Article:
Is It Important to Have Kids Pitch In Financially for Their Hobbies?
Erin has three daughters, and one of them is in 4-H. The cost of the animals is expensive. Should Erin have her daughter help pay for this hobby somehow?
QUESTION: Erin in Indiana has three daughters, and one of them is in 4-H. The cost of the animals is expensive. Should Erin have her daughter help pay for this hobby somehow?
ANSWER: This is an expensive game we’re playing. You kind of primed the pump and got it started, but each year, the animal rolls over. We can roll over into another animal, she rolls that back in, and then at the end of the day after this goes on for a few years, she may have some pretty substantial profits tied up in these animals that she’ll get out at the last time she sells them through. You’ll get your initial investment back then.
You can afford the $5,000. This is $5,000 on this instead of $5,000 on competitive cheerleading, and there’s a chance on this you break even and you won’t on competitive cheerleading.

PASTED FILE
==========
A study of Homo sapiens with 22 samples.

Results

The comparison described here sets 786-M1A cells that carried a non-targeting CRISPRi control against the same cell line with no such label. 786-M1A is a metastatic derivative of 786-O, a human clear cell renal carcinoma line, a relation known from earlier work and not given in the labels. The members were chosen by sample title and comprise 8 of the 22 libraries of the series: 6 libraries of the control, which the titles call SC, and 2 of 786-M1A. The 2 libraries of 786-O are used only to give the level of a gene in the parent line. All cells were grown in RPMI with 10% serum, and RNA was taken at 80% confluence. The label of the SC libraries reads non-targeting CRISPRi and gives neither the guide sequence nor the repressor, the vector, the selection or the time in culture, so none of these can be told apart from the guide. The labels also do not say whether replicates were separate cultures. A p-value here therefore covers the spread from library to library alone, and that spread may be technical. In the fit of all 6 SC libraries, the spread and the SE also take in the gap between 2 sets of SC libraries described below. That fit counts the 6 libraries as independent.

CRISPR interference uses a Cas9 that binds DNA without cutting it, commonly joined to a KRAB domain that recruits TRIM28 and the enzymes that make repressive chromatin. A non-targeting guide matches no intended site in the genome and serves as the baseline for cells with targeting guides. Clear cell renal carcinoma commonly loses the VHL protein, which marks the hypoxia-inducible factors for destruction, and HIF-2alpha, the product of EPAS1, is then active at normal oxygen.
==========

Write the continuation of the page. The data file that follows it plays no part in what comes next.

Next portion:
I taught mine work ethic for a lot less than this. There’s a lot of ways to do it. You can just buy animals. You don’t even have to go through all this other stuff, and you can roll the animals over once a year and actually make money just farming, in a sense.
You’ve got the money to do it. That’s fine. Go ahead. There’s not a problem with it. I just want to make sure that you don’t get caught up in this activity is actually bringing more value to your teaching than it actually is.
In these situations, if there’s big dollars coming out of this profit, so to speak, it’s going to be rolled back into the project until the project comes out, and that includes setting some money aside for feed and for vet bills and whatever else we’ve got to do because you’re running a business when you’re running livestock—or at least hypothetically you are. You should be.
That’s how I would do it, and that’s how we did it when our kids were running businesses themselves. Our kids had a snack business, and I bought the initial run of the snacks and put them in, but they did the restock of their inventory out of their cash flow and out of their profits. They had to keep up with cost of goods sold versus what they were selling it for, what the net profits were, and make sure they set money aside to be able to buy the next round when they went over to Sam’s or Costco or wherever and loaded up on the restocking snack business. Same kind of thing, but I primed the pump. I bought the first set out to do that and put them in place, and then when the thing closed down later, I don’t remember if I took my money back out or not, but I certainly would’ve reserved the right to do so. That would’ve been a normal way we would’ve interacted with them.